Iranian President Hassan Rouhani said the Islamic Republic is not after nuclear weapons. “We have taken this stance over and over again since 1991,” he said in a televised address to his Cabinet on Wednesday.
The comments seemed to serve as a correction to a controversial interview last week by Intelligence Minister Mahmoud Alavi. The minister had suggested that Iran may seek nuclear bombs, warning that if the West continues to “corner” the Islamic Republic with sanctions, Iran may have no choice but to act differently on its nuclear program. “[Then] it’s no longer Iran’s fault,” Alavi told state television.
But during the Cabinet meeting, where Alavi was also present, Rouhani said Tehran remains committed to a fatwa, or religious decree, issued by Supreme Leader Ayatollah Ali Khamenei that places an absolute ban on the pursuit and production of nuclear weapons. “We do not want any secret nuclear weapons program,” Rouhani added, “Yet we have sought and will continue to seek nuclear technology, which is our right.”
Before the signing of the Iran nuclear deal in 2015, Tehran was locking horns with world powers over its nuclear activities, which were seen as a suspicious program. The accord largely allayed those fears. Iran promised more transparency and gave in to restrictions on its program in exchange for a removal of sanctions, which had come as punitive measures for its contentious nuclear activities. The nuclear deal, however, has been in tatters since the 2018 US pullout and reinstatement of some of anti-Iran sanctions, which the Rouhani government is hoping to get rid of through negotiations with the administration of President Joe Biden.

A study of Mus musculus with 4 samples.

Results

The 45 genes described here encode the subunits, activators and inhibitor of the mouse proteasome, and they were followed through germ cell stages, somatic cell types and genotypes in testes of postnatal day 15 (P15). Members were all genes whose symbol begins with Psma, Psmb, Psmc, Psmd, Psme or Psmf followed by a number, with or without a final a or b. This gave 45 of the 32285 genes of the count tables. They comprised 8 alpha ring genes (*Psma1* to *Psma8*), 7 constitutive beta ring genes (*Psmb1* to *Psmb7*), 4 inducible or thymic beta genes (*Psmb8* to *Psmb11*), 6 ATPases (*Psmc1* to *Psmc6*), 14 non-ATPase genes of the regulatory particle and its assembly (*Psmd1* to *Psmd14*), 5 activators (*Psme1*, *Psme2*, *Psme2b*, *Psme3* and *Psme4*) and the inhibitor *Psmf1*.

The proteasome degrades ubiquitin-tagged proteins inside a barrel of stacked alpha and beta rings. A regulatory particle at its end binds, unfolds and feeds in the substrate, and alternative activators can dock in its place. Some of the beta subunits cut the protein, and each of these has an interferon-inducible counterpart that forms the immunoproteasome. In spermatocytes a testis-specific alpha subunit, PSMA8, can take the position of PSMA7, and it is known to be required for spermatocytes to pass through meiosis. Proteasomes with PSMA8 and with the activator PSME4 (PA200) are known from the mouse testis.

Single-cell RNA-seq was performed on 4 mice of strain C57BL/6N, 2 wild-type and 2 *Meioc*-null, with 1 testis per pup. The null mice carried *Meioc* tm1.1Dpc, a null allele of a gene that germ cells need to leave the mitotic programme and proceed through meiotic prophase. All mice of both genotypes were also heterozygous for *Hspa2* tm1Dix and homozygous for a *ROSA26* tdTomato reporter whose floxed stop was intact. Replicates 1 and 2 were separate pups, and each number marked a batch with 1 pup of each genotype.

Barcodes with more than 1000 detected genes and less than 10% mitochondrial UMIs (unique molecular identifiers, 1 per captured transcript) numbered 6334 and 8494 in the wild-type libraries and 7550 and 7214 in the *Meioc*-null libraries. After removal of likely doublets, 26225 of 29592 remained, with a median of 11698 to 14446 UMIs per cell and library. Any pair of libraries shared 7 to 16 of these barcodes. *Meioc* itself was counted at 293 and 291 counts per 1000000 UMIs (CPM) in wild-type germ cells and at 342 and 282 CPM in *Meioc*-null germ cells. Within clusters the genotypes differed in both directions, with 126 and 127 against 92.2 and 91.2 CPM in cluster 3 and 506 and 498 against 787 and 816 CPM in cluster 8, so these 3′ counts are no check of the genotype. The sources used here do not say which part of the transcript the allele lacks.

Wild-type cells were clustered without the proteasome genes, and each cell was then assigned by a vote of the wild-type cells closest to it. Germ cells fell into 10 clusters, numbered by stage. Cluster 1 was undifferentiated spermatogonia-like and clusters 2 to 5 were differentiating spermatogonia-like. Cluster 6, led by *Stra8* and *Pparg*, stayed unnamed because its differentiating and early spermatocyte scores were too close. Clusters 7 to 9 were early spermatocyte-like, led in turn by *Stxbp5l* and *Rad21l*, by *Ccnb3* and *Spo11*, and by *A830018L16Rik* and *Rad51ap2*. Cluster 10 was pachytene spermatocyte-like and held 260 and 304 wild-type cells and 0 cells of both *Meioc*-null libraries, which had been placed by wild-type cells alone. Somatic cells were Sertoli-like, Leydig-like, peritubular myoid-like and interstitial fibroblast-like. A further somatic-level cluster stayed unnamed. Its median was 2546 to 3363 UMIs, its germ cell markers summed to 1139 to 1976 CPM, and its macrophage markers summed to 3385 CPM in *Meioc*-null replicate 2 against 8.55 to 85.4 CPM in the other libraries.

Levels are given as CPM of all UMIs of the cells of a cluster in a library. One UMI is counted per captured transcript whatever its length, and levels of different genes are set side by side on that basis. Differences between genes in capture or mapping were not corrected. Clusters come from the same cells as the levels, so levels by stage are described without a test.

Hard-liners in Iran, including the conservative-majority parliament, have been attempting to complicate rapprochement with the new US government by passing a law that requires the Iranian government to significantly roll back its cooperation with the International Atomic Energy Agency (IAEA) if sanctions are not lifted by a Feb. 21 deadline. Such measures as well as the resumption of 20%-level nuclear enrichment have rehashed fears about a new cycle of tensions that may arise from nuclear secrecy in Iran.
Yet in his speech, Rouhani attempted to address the fresh concerns, stressing that Iran has no intention of expelling IAEA inspectors. It remained unclear, nonetheless, if the Rouhani government will still be able to resist pressure from hard-liners and could continue to fully adhere to the Additional Protocol, under which Iran has accepted various forms of voluntary cooperation, including allowing snap inspections at its nuclear sites.